Crushing photos


[Image from google : I searched destroyed DSLR]

My camera is with me literally everywhere I go. I have it in my back pack in a handmade camera sleeve I fashioned from old camera bags and inserts. Therefore I have the opportunity to take a lot of photos and I have learned my way around my second hand D7000 and the kit lenses. But, no matter how many photos I take I am never happy with the results. Something is always off, either I can’t get the background to blowout, the lighting is not optimal or something else like dust is on the sensor and ruins the shoot.


However, every once in a while you can have a magical shoot. This is a time where everything goes right, the zoom actually works, the models behaved and the weather was perfect. Today I am going to write about my perfect day and how everything worked out for the best, even if it wasn’t planned.


It was a bright day, the sun was shining and the wind was light and cool. I had spent the morning splitting my time between working in the rice fields and cleaning the dust from all the elements on my camera from a very unsuccessful and windy trip to take pictures from the top of a mountain of the sun rise. Once I finished it was finally time to go off to the zoo where mixed race families had gathered for a fun time out (my daughter is HAFU which means half breed in Japanese).


I spent the day playing with the kids and taking snap shots until everyone finally settled down in the cool polar bear area. This is where everything really began to come together. I put my camera into auto and took a shot, this is a trick I learned from Peter Mckinnon on Youtube and then I used the histogram and settings to fine tune my shots. It was right at the time where I got the settings up that the bear jumped in and the kids were in the perfect position.


Once we got out of the polar bear exhibit the kids were just settling down and golden hour was rolling in. I pulled out my long zoom lens and I was able to get some good portrait shots of the kids as they enjoyed snacks in the outside food court. Finally all the families got together and I was able to use a cheap travel tripod I got the day before to take group photos before everyone went home. In the end everyone enjoyed the photos I took and I even impressed myself.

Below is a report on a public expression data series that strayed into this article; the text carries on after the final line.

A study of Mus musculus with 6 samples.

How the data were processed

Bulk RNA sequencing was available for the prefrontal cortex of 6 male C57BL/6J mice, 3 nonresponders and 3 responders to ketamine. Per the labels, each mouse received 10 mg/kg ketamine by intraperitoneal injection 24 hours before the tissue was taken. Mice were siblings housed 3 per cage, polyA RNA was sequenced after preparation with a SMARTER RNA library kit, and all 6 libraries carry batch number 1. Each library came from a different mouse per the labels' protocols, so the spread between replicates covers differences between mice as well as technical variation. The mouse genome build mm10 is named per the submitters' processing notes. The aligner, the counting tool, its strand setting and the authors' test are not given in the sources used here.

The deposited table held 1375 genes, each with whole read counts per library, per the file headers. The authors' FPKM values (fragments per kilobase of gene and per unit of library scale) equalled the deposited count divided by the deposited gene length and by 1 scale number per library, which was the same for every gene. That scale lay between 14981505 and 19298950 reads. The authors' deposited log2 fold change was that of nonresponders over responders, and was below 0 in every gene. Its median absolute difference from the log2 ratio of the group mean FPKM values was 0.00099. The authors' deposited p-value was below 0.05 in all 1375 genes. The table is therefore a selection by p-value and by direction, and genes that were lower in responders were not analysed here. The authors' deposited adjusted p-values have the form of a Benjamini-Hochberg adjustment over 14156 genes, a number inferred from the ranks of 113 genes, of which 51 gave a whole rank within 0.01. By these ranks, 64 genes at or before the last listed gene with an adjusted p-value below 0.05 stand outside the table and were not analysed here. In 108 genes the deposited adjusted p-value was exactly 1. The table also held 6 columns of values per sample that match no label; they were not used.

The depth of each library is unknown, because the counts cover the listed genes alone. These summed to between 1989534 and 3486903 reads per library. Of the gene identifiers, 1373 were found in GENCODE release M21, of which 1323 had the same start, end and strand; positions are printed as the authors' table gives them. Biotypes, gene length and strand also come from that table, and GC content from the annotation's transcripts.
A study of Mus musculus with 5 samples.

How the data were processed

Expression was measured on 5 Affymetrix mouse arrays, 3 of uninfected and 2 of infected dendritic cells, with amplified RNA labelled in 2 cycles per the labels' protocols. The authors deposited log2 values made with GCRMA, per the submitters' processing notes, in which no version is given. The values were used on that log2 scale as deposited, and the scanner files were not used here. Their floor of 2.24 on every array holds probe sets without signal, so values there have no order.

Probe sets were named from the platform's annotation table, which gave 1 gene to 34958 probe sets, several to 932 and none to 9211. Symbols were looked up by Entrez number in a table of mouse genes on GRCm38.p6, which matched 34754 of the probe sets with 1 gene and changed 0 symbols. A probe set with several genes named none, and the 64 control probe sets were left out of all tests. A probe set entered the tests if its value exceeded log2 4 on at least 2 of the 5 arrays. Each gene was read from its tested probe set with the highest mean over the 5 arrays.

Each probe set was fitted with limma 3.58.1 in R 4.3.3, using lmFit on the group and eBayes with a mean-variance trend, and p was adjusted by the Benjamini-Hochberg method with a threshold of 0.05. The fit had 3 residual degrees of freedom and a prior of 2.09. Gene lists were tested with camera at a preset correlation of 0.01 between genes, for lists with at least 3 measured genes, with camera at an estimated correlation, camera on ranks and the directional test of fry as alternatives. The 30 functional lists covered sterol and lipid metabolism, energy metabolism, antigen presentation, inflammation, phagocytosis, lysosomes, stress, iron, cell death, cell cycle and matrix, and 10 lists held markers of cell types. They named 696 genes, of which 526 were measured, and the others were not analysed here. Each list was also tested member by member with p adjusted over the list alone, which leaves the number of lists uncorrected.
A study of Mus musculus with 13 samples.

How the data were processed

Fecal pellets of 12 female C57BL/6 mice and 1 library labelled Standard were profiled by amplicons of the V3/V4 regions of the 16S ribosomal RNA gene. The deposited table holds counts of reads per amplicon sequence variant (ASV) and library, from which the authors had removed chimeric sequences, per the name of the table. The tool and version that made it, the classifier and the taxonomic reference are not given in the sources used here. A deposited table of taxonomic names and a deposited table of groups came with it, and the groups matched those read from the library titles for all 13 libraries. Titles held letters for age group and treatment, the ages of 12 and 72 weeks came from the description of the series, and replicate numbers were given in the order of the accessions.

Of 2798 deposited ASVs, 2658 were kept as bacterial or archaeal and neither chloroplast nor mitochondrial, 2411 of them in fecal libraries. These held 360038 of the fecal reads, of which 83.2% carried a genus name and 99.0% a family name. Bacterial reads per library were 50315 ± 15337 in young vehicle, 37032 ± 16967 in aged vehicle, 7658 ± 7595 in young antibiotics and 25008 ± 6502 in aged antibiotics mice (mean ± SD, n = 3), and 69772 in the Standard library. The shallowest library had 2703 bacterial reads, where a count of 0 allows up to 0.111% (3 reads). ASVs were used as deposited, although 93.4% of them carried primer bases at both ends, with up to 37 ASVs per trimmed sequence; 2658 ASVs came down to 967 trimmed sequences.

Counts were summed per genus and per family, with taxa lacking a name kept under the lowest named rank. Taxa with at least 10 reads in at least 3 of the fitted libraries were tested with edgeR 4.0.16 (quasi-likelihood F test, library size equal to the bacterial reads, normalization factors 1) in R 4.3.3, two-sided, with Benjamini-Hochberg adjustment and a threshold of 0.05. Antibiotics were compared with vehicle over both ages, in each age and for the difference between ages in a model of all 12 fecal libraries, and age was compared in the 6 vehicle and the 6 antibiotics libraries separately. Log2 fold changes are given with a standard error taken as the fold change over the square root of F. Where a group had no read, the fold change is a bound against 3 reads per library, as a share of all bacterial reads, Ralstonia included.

I took a lot from this day, I had a lot of great photos for my friends and word of mouth so that someday I can maybe land a few clients. I also got a renewed sense of motivation and confidence in my photography skills. Even with kit lenses I was able to pull off some amazing shots and while I may not win any prizes for the shots or get a NIKE deal because of them I did create memories in a creative, crisp and in focus way. In the end creating lasting memories for the people you are taking photos for is more important that any deal because those memories will last a lifetime, everyone will remember that day, and when friends ask who took the photo my name will always be attached.


What is the take away from this experience, besides surprising myself with better than normal quality photos? No matter what equipment you have – be it an I-phone, Android, Nikon, Cannon, Fuji Film or anything – else you can have off days and magical days, you can take snapshots or photos. If you know how to use your equipment you can crush your photo game and impress everyone with your photos. Even if not every photo is a winner some will capture the moment in a good and creative way. As Chase Jarvis said: “The best camera is the one you have with you.”